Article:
German Troops Surrender in Italy

German Troops Surrendering in Italy - Forces were closing in.

October 17, 1943 – The World At War – Changing Tides – Long Roads Back

German Troops Surrender in Italy
German Troops Surrendering in Italy – Forces were closing in.

October 17, 1943 – CBS Radio: The World Today – Gordon Skene Sound Collection –

October 17, 1943 – News on this day was almost completely taken over by news of the War and reports from the Fighting fronts. Allied forces were pushing ahead in Italy, scoring numerous victories in the process. On the Eastern Front – Soviet troops were re-taking vital objectives, forcing German radio to admit the Russian campaign wasn’t going as expected.

In early October 1943, Hitler was persuaded by his Army Group Commander in Southern Italy, Field Marshal Albert Kesselring, that the defense of Italy should be conducted as far away from Germany as possible. This would make the most of the natural defensive geography of Central Italy, while denying the Allies the easy capture of a succession of airfields; each one being ever closer to Germany. Hitler was also convinced that yielding southern Italy would provide the Allies with a springboard for an invasion of the Balkans with its vital resources of oil, bauxite and copper

The Balkan campaign was spelling out decisive victories for rebel forces and there were reports that rebel uprisings were taking place throughout France.

Meanwhile, on the other side of the globe, and the War in the Pacific – American forces, commanded by General MacArthur were within 40 miles of taking important Japanese Base in New Guinea.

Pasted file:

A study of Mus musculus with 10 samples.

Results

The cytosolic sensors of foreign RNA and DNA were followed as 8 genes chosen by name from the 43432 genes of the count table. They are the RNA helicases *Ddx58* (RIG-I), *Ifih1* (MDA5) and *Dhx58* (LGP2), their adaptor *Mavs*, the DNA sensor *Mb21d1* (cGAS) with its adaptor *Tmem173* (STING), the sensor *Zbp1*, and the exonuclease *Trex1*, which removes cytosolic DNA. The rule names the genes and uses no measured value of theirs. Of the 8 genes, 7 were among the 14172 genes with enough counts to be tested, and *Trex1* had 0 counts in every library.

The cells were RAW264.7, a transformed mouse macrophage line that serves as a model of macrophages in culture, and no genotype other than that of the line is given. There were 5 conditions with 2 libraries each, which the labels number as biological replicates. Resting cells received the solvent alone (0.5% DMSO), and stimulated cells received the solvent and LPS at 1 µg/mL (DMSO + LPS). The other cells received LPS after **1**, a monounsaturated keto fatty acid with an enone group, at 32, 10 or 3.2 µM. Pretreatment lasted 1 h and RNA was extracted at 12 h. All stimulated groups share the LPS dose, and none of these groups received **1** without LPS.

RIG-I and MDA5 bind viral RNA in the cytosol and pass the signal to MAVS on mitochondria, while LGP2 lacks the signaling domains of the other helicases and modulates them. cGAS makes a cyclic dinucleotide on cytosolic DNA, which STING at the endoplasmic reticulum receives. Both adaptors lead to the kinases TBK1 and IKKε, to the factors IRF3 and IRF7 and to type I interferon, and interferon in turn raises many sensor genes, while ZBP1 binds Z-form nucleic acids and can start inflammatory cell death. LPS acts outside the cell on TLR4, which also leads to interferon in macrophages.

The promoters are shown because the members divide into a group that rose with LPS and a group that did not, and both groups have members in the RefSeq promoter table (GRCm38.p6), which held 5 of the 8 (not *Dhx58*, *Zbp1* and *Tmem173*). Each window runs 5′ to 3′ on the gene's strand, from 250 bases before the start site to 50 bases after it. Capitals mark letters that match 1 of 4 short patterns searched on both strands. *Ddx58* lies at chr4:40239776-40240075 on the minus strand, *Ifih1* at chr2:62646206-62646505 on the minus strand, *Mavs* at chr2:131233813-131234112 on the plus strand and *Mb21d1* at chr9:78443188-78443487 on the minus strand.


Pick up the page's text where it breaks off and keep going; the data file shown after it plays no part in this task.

Back home – the settling of a Coal Strike was still causing Washington to keep an anxious watch on whether or not Miners would return to the pits or not. Some 25,000 miners were ordered back to work – whether they would comply and go immediately back to work or refuse was of concern. If they complied, everything would return to normal. If not, many wondered if the anti-Strike Act or other means would be used to force the Miners to return. But there were other Union matters of concern. The Brotherhood of Railroad Operators rejected a 4 cent an hour wage increase, terming the offer “insulting”. They had asked for considerably more, and a Union meeting was being planned later on in the week to take a strike vote. Fingers were crossed.

And that’s just a slice of what went on, this October 16, 1943 as presented by CBS Radio’s World Today.